If you've existed as a human being with a presence on the Internet at any time in the past 20 years, I will wager that you’ve come across this quote from Maya Angelou: “I’ve learned that people will forget what you said, people will forget what you did, but people will never forget how you made them feel.” Whether on Facebook, Twitter, Instagram, or on blogs, Angelou’s humanist sentiment gets shared every four seconds, it seems. So OK, it’s widespread. But is it correct?

Well, maybe. Partially. The Nobel Prize-winning Israeli psychologist Daniel Kahneman postulated a theory knows as “the peak-end rule” for how we form our impressions of our experiences. Kahneman defined his theory this way: “The peak-end rule is a psychological heuristic in which people judge an experience largely based on how they felt at its peak (i.e., its most intense point) and at its end, rather than based on the total sum or average of every moment of the experience.” Kahneman doesn’t really contradict Angelou; rather, the peak-end rule explains how we come to form these feelings that we will never forget.

Kahneman’s theory applies to interpersonal relationships, but it also makes sense when applied to customer-brand relationships. I’ve been thinking a lot about the peak-end idea lately because a lot of my clients have been asking about how to measure the success of their conversational artificial intelligence (AI), virtual assistant, and chatbot initiatives. Some of the companies have assumed that if their automated system answers a customer’s question correctly, then they can chalk the experience up as positive. This of course ignores the emotional piece—“How did that make you feel?” as a good Rogerian psychotherapist might put it. A larger group of these Forrester Research customers have been looking at ways to measure customer sentiment after the interaction, which would at least get at the “end” part of peak-end.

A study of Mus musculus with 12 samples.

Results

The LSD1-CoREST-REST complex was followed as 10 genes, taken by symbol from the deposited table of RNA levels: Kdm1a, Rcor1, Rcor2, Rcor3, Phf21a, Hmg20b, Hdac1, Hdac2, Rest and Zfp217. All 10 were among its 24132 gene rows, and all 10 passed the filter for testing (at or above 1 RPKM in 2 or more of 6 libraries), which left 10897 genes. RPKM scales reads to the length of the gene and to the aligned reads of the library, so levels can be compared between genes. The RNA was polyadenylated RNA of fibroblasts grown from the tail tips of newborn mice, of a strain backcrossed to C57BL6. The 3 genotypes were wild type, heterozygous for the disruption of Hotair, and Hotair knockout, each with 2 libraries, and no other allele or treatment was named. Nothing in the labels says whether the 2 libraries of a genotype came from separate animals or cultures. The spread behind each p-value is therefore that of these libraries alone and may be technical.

None of them, however, has really dug into trying to do a peak-end analysis of their automation experiences. To do so would require an ongoing sentiment analysis based on customer utterances and an analysis of where the peak emotion occurred, as well as, obviously, the end state of sentiment for the interaction.

But even if they did that type of analysis, I’d argue that peak-end thinking requires them to rethink their fundamental question: It is not “How was the customer’s experience with our chatbot?” but rather “How was the customer’s experience for that particular issue?” If the chatbot experience started with an online FAQ and/or it was escalated to a human agent, the peak part of peak-end could have come in the pre- or post-chatbot segment of the interaction.

I know, I know—that type of analysis would require the teams in charge of self-service, the website, and maybe even the mobile app to talk to and coordinate with the contact center. And yup, that’s the truth, Ruth! But I’d also argue that if the entirety of the service organization starts to adopt peak-end thinking, they’d grow to be eager for this type of harmonization. After all, to accurately do their jobs, the team responsible for measuring agent performance would then need to recognize and measure the effect of a customer’s interactions with self-service systems that preceded the agent-led interaction.

So it seems Maya Angelou’s quote can help us with our customer experiences, but only if we really understand how the peak-end rule drives the formation of those experiences.  

Ian Jacobs is a principal analyst at Forrester Research.